Wednesday, December 14, 2011

HTML5 – What’s New - December 14, 2011


Kony Adds HTML5 to App Building platform

Mobile platform provider Kony Solutions launched the KonyOne platform this week.  The new platform allows developers to define an app once and deploy it across multiple devices, operating systems, and channels.  It allows delivery of both native applications and mobile web – HTML5 and non-HTML5, across phones, tablets, and desktops.

Raj Koneru, CEO of Kony said, “We believe the future includes native, mobile web, and HTML5 hybrid or 'mixed mode' applications.  Using the KonyOne platform, developers can use a single code base to create optimized applications for any device, operating system or browser. They can create native, mobile web or HTML5 applications or any combination to achieve the best individual user experience."
Original Content 

HTML5-enabled Smartphones to Hit 1 Billion Worldwide in 2013

Research firm Strategy Analytics says that HTML5-compatible mobile phone sales will reach 1 billion in 2013, up from 336 million in 2011.  What is the definition of an HTML5-compatible phone?  An HTML5-compatible phone is defined as “A mobile handset with partial or full support for HTML5 technology in the browser, such as the Apple iPhone 4S”.

The Executive Director at Strategy Analytics, Neil Mawston, states “HTML5 has quickly become a high-growth technology that will help smartphones, feature phones, tablets, notebooks, desktop PCs, televisions and vehicles to converge in the future.”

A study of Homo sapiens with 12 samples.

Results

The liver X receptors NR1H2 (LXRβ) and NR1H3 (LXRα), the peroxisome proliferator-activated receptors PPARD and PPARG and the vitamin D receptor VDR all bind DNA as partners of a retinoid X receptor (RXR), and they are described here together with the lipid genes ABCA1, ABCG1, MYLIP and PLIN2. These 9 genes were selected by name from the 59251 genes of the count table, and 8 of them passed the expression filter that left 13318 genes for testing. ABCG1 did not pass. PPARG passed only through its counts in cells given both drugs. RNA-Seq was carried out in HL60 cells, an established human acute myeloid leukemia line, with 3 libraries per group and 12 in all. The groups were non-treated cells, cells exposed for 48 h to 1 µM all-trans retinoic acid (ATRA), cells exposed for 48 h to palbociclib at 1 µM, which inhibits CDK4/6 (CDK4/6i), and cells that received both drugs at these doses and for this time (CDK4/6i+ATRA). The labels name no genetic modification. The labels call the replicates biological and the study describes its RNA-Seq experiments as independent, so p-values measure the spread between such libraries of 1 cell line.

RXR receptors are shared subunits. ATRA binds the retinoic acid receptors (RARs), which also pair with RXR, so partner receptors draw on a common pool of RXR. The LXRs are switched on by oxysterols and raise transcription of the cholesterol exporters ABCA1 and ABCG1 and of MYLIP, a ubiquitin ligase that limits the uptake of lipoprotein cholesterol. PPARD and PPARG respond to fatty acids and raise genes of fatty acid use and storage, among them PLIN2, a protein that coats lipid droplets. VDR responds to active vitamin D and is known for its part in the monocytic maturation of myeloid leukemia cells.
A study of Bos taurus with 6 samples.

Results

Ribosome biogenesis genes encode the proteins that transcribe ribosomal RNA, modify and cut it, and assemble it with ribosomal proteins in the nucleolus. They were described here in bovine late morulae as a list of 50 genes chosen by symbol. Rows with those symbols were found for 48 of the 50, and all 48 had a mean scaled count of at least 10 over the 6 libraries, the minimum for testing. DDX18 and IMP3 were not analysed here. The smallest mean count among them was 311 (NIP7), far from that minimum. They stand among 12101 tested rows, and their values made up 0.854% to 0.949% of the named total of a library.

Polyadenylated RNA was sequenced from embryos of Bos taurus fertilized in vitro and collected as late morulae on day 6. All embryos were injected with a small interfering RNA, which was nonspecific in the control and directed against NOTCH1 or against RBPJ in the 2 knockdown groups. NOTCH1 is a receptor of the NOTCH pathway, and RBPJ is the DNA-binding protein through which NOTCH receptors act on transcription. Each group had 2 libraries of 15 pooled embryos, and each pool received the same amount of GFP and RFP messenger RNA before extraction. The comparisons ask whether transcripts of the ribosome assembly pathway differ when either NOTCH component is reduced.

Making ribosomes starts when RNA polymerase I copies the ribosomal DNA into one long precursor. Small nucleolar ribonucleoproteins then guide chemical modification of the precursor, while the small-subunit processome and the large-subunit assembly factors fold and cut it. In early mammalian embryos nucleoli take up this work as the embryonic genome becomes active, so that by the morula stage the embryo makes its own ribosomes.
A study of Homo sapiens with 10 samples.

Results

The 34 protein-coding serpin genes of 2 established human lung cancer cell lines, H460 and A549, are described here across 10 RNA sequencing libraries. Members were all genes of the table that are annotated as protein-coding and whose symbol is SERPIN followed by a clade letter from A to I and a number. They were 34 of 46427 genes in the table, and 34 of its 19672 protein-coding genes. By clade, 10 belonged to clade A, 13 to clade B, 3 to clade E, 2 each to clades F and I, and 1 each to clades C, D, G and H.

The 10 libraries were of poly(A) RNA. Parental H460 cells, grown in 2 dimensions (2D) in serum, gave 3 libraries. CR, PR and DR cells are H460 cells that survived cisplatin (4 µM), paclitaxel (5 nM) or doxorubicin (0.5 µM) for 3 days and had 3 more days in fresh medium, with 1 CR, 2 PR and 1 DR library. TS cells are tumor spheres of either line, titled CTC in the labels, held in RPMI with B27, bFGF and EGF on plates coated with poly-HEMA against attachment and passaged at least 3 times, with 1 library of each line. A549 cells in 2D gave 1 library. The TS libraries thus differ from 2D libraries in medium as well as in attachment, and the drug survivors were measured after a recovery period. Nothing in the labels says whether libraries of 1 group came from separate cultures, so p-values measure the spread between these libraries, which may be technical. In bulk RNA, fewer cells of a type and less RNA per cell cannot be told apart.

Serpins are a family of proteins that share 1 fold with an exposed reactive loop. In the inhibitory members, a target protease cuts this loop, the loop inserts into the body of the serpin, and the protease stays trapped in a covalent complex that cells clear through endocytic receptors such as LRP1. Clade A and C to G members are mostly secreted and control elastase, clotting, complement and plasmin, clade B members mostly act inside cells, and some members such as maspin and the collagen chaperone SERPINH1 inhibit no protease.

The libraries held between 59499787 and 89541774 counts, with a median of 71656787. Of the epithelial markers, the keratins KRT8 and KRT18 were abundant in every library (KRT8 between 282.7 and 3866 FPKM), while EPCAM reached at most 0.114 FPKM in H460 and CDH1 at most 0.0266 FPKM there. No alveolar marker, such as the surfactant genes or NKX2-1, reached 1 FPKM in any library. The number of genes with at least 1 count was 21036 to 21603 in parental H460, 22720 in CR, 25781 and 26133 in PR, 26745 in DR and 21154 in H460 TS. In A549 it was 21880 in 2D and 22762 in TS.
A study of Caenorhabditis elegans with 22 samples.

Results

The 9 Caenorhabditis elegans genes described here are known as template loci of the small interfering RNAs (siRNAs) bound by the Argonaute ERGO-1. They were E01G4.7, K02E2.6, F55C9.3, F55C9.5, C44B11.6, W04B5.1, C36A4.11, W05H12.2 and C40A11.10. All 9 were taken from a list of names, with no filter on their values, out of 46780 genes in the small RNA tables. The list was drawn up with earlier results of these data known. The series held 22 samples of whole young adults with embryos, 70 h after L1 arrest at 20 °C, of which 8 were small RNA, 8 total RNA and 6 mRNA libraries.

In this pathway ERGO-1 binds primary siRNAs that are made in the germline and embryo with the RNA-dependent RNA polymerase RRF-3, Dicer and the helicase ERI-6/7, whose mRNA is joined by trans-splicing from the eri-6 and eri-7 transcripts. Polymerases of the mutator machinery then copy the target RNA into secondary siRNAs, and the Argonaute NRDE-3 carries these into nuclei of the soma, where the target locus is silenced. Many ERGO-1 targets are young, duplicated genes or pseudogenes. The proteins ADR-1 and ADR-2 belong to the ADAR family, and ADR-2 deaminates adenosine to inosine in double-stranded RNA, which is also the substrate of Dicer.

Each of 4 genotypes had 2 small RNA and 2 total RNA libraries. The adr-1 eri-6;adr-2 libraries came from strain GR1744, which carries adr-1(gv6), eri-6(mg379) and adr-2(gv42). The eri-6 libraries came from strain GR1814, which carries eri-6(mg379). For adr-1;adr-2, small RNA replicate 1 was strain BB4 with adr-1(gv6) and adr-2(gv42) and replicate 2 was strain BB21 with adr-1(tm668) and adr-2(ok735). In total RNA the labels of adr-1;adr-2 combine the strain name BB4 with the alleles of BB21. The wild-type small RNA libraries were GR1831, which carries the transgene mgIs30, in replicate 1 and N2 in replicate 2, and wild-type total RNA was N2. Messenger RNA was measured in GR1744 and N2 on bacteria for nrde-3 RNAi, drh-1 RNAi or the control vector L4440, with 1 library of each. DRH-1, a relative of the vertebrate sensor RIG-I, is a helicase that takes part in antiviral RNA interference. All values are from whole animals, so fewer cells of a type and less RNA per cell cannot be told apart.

Original Content

HTML5 is Featured in “Small Business Software Trends for 2012”

In the article, "Small Business Software Trends for 2012," the author writes, 
“HTML5 is shifting how we look at apps and software. Right now, the browser is central to how we use SaaS solutions (software as a service), but as more users operate remotely and via mobile devices, there is solid evidence that the browser could go away, or at least become dramatically different from what we experience today."  [Kevin Benedict Comment: It seems to me that browsers would become more important with HTML5, not less.]

The author goes on to say, "HTML5 makes it possible to add functionality to the browsing experience. If Adobe’s recent decision is any indication of the trend, they terminated their mobile Flash development work to migrate to HTML5."


HTML5 is also featured in the blog article, 
“7 Mobile Trends for 2012: NFC, Nokia, Apps and HTML5” from Josh Smith at, Gotta Be Mobile.  “HTML5 will become a bigger force in the mobile space, powering single page apps and offering a snappier mobile web experience.”

Featured Article: NFC - What is the Hype all About?

Featured Webinar:  Insider's Insight into NFC (Near Field Communications)

Follow me on Twitter @krbenedict
Full Disclosure: I am an independent mobility analyst, consultant and blogger. I work with and have worked with many of the companies mentioned in my articles.